DATELINE CANNES, May 18, 2011. The films of Belgian brothers Jean Pierre and Luc Dardenne give new meaning to the term motion picture. Their protagonists are continually on the move, with the camera following doggedly behind them, as if the directors are trying to keep up with them to see that they don’t get into any mischief. In order to achieve this subjective intimacy with the characters and to capture their nervous mobility, the Dardennes have elevated the hand-held camera to the level of other great cinematic devices. They barely use the shot-reverse-shot method, which serves most films, nor is their camera style POV. The camera is closer to being the audience’s surrogate than in any other films I can think of.
We pursue Rosetta (1999) as she determinedly looks for a job. We spy on the carpenter in The Son (2002); he, in turn, is spying on the boy responsible for the death of his son. We accompany the young father in The Child (2005) as he desperately tries to find money, eventually selling his baby. We follow the Albanian woman as she unscrupulously maneuvers her way to Belgian citizenship in The Silence of Lorna (2008).
It was therefore logical for the Dardennes, given their penchant for capturing the movement of their walking or running people, to put their latest character, 11-year-old Cyril (the remarkable Thomas Doret), on a bike, which he uses as an instrument of freedom and escape from his drab existence in a foster home. We follow his every move, trying to understand him. There is no special pleading, nor are the Dardennes ever judgmental. They leave audiences to make up their own minds.
The directors’ interest in bodies in motion goes way back to their 1987 short film Il Court, Il Court, Le Monde (The World’s Racing), which quotes the Futurist artist Fillipo Marinetti, who claimed that “a new beauty has been added to the splendor of the world , the beauty of speed.” However, their films are far from the over-frenetic oeuvre of Emir Kusturica or that of a film like Run, Lola, Run. For one thing, there is no rapid cutting in a Dardenne film, with long takes providing the necessary time for us to contemplate the leading characters, none of whom are especially likeable despite our sympathy for their plight. What concerns the directors are the underlying forces that influence the actions of their marginalized working-class characters, often caught up in inextricably difficult situations.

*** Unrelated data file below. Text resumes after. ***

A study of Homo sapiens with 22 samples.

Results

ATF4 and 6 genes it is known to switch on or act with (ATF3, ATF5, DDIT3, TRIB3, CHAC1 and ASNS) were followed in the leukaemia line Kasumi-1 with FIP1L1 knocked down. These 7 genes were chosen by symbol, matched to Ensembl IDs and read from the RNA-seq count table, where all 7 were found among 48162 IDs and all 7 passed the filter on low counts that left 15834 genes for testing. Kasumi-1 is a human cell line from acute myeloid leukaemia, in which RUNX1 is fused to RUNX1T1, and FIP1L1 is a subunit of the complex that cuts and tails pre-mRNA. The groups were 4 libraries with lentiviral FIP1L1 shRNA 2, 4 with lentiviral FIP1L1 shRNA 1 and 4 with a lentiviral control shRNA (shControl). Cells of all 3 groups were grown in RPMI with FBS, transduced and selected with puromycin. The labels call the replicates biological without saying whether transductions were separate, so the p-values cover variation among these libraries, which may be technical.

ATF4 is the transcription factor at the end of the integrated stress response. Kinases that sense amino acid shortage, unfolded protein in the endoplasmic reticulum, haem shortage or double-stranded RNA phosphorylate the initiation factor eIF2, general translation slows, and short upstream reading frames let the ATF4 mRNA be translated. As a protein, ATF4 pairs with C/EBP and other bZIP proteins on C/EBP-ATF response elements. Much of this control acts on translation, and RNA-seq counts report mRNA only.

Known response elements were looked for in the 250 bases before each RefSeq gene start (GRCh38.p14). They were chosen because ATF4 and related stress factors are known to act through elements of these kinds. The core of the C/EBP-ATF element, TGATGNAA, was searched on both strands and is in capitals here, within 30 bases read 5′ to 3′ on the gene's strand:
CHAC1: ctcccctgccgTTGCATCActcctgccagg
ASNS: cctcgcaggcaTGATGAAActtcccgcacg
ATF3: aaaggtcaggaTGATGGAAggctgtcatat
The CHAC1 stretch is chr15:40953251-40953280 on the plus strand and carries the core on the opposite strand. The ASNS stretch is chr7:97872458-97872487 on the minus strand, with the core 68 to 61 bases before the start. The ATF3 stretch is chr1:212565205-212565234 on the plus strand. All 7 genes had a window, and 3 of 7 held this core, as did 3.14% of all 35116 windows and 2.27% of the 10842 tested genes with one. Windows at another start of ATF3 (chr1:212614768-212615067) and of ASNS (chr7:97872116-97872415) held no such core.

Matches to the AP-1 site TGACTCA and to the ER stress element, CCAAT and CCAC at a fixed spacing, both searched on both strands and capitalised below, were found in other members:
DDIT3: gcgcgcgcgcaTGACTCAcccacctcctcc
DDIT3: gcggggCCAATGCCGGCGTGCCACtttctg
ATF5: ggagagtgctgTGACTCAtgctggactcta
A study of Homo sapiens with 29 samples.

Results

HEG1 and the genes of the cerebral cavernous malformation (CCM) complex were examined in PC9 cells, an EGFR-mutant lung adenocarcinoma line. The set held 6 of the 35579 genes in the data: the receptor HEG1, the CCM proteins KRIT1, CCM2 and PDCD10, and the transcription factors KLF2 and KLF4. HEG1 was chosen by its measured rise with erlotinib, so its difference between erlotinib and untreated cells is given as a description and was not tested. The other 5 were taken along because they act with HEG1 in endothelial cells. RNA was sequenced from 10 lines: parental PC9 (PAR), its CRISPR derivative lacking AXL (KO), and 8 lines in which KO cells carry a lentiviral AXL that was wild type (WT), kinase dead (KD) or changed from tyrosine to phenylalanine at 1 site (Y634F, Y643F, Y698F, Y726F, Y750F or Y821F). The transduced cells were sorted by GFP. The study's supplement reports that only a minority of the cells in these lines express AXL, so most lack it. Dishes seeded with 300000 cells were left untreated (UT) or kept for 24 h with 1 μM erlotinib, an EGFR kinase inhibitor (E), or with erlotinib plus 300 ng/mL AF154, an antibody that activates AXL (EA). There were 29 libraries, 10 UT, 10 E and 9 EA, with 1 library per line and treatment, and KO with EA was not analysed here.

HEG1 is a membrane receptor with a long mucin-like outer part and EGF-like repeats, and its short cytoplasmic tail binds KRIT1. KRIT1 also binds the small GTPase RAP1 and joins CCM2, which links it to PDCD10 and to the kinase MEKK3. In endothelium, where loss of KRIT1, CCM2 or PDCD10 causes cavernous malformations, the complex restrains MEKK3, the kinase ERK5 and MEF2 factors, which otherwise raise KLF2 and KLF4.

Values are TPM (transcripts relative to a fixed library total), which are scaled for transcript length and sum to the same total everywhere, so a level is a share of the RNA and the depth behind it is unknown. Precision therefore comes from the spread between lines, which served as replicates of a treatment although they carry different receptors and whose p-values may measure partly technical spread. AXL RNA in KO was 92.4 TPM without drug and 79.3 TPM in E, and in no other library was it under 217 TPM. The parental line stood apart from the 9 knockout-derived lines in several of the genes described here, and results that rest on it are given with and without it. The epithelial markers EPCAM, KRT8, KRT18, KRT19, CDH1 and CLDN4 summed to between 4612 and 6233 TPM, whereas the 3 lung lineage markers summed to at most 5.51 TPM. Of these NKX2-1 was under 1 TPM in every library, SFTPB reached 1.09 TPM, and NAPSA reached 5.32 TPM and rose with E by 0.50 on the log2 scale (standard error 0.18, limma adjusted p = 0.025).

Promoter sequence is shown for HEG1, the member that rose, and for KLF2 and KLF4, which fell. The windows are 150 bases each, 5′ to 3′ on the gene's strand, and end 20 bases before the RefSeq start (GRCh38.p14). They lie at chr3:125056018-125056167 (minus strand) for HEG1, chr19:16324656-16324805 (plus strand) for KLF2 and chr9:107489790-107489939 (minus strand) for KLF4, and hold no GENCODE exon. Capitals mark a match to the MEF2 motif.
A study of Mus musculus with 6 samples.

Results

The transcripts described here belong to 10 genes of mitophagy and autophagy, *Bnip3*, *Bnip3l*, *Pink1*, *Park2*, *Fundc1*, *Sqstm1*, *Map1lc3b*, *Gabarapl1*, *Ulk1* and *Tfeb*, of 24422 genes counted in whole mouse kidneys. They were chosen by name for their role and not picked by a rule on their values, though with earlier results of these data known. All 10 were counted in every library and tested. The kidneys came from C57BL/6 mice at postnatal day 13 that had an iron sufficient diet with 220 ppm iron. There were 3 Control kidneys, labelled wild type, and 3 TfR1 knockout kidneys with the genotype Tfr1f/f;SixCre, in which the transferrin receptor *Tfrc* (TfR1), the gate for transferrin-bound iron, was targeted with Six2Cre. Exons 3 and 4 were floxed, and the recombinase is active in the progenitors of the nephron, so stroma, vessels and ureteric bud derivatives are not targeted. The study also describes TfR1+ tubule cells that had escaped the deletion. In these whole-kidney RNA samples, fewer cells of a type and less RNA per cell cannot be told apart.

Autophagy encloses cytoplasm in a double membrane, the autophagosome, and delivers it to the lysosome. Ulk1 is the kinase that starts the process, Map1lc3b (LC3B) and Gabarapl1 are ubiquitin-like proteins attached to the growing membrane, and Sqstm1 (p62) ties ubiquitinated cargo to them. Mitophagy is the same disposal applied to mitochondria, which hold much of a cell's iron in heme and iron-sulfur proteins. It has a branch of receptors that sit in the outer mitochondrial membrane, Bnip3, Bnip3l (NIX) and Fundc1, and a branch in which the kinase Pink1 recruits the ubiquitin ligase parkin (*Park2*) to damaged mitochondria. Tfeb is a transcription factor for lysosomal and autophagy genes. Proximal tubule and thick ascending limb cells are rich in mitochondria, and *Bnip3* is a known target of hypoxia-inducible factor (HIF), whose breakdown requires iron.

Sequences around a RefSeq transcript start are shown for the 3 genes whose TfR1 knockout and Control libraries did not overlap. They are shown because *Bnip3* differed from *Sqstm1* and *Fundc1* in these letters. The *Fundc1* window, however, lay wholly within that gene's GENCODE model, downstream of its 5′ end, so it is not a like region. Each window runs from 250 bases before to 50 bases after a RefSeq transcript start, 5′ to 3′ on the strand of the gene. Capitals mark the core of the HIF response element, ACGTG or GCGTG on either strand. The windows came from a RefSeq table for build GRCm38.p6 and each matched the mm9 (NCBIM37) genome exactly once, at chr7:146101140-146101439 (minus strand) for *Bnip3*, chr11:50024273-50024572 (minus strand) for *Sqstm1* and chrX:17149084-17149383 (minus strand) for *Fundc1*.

Cyril is far from the cute youngsters so often found in movies, Hollywood or otherwise. He is an overactive, unsmiling, red-haired, pasty-faced child who has been rejected by his selfish father (played by a Dardennes regular, the blond Jérémie Renier, who made his screen debut at the age of 15 in La Promesse). The boy is then taken in by a hairdresser (Cecile de France), to whom he literally clings while on the run. When she is finally faced with an ultimatum from her boyfriend to choose between him and the pesty kid, she opts for the latter.Like De Sica’s The Bicycle Thief (more correctly titled Bicycle Thieves in the UK), to which The Kid with a Bike is on nodding acquaintance, it has a realistic surface but a highly organized script. Curiously, the directors have used non-diegetic music for the first time in their films , the opening bars of the Adagio to Beethoven’s Emperor Concerto. This is used so sparingly it seems as if they were just trying it out to see if it would work. It does.
As in the brothers’ previous films, there is a crime committed that leads to the theme of revenge or forgiveness. Yet this is approached in a non-didactic, non-sentimental manner. Nevertheless, it’s a tribute to the Dardennes that Le gamin au velo is always involving and is ultimately as much an “emotion picture” as a motion picture.